Q: My husband and I are separating. It is fairly amicable, and we have agreed on how we want to divide our assets and how parenting will work. Can we both see the same lawyer to draft a separation agreement? We would like to keep legal costs to a minimum.
Everyone likes to avoid or minimize legal fees. That is always a reasonable goal. However, a separation agreement may be the most important document you sign in your life. Even if you negotiate the agreement without involving lawyers, or perhaps through a mediator, independent legal advice for each party is strongly recommended in all cases.
Parties who negotiate their agreement privately and amicably may overlook certain key issues – things like future retirements, tax considerations of asset divisions, and division of Canada Pension Plan credits. Thus, at some point down the road, they may find the document is incomplete or ineffective. At that point, the cost and inconvenience of amending the agreement could be a problem, but more significantly the parties may find that they are in disagreement about one of the overlooked issues. Part of obtaining independent legal advice is to ensure that not only are the contents of the Separation Agreement effective, but that the agreement as a whole is comprehensive to the situation of the parties.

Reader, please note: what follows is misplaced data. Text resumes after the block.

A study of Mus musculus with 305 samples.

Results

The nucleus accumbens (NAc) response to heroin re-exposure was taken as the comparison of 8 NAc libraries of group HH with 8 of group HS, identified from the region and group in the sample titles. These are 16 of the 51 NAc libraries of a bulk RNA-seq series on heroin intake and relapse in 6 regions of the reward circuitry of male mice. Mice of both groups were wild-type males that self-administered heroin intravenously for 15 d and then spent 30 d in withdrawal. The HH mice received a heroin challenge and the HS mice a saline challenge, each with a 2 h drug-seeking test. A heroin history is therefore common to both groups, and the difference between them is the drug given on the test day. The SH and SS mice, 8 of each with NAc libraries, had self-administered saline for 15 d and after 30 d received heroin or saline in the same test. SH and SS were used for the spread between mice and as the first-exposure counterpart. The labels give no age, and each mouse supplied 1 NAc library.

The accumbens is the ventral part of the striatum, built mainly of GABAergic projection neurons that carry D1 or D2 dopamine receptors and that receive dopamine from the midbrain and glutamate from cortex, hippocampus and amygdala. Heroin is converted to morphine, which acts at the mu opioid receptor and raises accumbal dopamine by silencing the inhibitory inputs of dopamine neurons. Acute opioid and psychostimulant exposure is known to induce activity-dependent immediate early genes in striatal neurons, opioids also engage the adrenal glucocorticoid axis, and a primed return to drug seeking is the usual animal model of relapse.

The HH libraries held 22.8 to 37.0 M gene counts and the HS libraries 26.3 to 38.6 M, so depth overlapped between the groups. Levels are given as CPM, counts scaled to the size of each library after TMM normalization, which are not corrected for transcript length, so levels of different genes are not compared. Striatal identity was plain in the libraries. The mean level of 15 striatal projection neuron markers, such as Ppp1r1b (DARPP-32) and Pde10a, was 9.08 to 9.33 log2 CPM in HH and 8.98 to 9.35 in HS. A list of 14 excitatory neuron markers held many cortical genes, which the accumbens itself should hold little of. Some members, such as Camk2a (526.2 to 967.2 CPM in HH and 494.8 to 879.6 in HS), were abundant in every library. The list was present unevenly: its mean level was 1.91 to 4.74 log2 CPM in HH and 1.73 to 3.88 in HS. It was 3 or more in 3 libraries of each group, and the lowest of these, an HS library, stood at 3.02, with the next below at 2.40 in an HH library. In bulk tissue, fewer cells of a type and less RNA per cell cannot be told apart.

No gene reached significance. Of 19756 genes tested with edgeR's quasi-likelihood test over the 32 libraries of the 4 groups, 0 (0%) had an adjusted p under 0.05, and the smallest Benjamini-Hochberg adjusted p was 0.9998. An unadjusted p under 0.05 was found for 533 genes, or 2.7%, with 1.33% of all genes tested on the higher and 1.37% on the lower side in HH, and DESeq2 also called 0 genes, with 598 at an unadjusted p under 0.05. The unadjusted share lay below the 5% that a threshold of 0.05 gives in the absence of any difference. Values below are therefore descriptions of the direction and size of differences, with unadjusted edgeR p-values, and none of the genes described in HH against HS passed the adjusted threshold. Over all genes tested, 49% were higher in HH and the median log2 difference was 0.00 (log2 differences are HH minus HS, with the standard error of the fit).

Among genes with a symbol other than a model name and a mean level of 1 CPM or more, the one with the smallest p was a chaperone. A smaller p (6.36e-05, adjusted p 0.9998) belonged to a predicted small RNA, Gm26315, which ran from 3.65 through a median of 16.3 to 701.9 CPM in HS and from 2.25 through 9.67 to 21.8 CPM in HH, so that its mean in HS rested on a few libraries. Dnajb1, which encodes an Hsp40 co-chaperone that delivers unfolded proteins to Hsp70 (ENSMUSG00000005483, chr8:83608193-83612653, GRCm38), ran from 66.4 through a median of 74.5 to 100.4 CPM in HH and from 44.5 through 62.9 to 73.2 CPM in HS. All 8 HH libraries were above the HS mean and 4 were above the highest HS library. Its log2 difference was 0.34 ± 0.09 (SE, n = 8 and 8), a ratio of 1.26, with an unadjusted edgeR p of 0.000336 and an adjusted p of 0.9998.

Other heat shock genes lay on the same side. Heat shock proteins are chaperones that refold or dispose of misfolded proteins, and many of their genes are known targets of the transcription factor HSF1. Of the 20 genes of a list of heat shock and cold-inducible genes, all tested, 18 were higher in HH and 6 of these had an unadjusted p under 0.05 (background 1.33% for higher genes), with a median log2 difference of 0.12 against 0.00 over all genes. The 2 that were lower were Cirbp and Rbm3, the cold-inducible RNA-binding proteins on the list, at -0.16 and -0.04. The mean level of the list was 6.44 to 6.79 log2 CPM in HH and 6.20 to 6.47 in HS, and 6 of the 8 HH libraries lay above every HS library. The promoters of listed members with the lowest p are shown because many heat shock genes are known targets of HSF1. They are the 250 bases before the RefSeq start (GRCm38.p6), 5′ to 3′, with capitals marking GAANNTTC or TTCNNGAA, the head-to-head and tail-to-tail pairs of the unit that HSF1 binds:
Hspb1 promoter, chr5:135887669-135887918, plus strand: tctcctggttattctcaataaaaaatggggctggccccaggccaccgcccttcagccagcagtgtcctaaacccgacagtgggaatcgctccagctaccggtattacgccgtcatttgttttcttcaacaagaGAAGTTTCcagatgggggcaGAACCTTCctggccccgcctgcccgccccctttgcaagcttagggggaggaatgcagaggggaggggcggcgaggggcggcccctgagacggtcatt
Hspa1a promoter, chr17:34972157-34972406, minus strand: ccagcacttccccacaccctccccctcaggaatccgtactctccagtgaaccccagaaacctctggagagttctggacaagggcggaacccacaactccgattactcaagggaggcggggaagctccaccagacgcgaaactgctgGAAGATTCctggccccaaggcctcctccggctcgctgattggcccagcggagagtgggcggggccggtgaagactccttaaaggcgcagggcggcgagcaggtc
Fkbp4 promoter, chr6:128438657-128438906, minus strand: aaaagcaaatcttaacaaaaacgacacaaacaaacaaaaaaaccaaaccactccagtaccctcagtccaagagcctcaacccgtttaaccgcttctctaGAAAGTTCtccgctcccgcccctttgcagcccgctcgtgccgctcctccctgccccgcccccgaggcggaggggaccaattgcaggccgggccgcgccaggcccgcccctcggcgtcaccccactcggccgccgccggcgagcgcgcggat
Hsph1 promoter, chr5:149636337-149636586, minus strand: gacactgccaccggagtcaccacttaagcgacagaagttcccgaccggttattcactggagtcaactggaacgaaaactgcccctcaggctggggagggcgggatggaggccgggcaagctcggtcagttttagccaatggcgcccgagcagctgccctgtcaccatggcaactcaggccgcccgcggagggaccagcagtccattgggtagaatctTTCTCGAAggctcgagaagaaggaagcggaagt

From your own point of view, obtaining independent legal advice helps to provide peace of mind, and ensures that you have a thorough understanding of the legal consequences of the Separation Agreement. The agreement is expected to be permanent so the importance of understanding it in full cannot be understated. Furthermore, it is always important that the opposing party have independent legal advice. This makes it much more difficult for them to attack the agreement in the future. In certain circumstances, a court could nullify the agreement if one party did not understand the legal ramifications of what they signed. This is bad for all parties involved, and will in no way limit legal expenses.
Independent Legal Advice allows both parties to understand the agreement in full, and to know that they can rely on the permanence of the agreement. Although there is a cost, it often helps to avoid future misunderstandings and disputes.